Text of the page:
Freddie Freeman, one of free agency’s biggest prizes, agrees to Dodgers deal

Freddie Freeman bats for the Atlanta Braves during a game against the Philadelphia Phillies in September.
(John Bazemore / Associated Press)

Freddie Freeman’s reported frustration with the Atlanta Braves. His seemingly natural fit in the middle of the Dodgers’ lineup. And the possibility that, whenever baseball came back, he could make a huge splash by signing with Los Angeles.

On Wednesday, it all came to fruition, with Freeman agreeing to terms on a deal with the Dodgers, according to people with knowledge of the situation. The contract, which is worth six years and $162 million, is the culmination of a once-quiet offseason for the team that is finishing with a seismic bang, giving the Dodgers four former MVPs on their roster.

It was only last October that Freeman was opposite the Dodgers, one of the driving forces behind a Braves team that knocked off the Dodgers in six games in the National League Championship Series en route to a World Series championship. Freeman, originally from Orange County, was hailed as a hero in Atlanta. And going into the winter, his return to the Braves felt close to being a foregone conclusion.



That opened the door for the Dodgers, who were in need of another left-handed bat in the middle of the order after Corey Seager’s departure to the Texas Rangers. The Dodgers weren’t the only suitor for Freeman, with the New York Yankees, Boston Red Sox, Toronto Blue Jays, San Diego Padres and Tampa Bay Rays also linked with the highly coveted first baseman.

But, the appeal to return home to Southern California, with a team built for another World Series run, proved to be too much for Freeman, who probably will take over as the Dodgers’ everyday first baseman and slide Max Muncy either to second base or designated hitter.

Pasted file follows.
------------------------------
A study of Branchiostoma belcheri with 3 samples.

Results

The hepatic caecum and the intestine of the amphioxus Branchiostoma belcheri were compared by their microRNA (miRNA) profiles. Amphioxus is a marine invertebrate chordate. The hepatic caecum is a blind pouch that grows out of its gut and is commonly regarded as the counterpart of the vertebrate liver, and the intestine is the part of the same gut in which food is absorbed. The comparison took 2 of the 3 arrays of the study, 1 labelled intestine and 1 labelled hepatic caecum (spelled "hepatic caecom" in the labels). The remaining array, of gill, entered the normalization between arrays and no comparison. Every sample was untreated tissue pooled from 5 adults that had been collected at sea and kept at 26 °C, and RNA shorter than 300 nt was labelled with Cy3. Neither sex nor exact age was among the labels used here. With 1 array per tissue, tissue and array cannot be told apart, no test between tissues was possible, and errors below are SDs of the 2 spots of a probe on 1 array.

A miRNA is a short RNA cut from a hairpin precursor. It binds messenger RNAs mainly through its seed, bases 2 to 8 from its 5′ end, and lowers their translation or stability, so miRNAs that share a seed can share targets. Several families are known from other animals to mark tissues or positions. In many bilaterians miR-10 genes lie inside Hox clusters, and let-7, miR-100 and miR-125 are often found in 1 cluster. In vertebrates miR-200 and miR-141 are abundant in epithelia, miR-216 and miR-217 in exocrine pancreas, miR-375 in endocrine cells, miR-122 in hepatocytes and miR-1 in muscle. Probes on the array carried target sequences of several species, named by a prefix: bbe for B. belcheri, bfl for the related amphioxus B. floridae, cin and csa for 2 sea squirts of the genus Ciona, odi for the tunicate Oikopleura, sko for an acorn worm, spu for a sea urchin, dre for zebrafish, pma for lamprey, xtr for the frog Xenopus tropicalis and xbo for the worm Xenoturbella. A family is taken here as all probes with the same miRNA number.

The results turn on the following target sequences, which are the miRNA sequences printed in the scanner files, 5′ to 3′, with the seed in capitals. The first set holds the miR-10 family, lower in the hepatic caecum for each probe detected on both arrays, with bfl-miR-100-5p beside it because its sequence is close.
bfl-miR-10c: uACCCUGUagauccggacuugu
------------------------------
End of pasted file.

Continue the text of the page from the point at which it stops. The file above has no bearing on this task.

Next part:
Originally a second-round pick out of Orange El Modena High, Freeman has a .295 batting average, 271 home runs and 941 RBIs in his 12-year MLB career. He followed his MVP performance in the pandemic-shortened 2020 season by earning a fifth All-Star selection in 2021, when he hit .300 with 31 homers and 83 RBIs.


That reputation made Freeman a beloved figure in Atlanta, where he consistently expressed a desire to stay throughout his contract year last season.

“I haven’t envisioned playing anywhere else because I haven’t gotten to that point yet,” Freeman said before Game 3 of the World Series in October. “I’ve put on this uniform — since 2007 I got to put on a Braves uniform with the [minor league] Gulf Coast League team. It’s all I’ve ever known. … I think everyone in this room knows I want to stay here.”


However, when he and the Braves failed to reach an agreement — leading the Braves to trade for Oakland Athletics first baseman Matt Olson on Monday instead — the Dodgers swooped in, adding even more star power to an already sparkling lineup, and cementing their status as World Series favorites in 2022.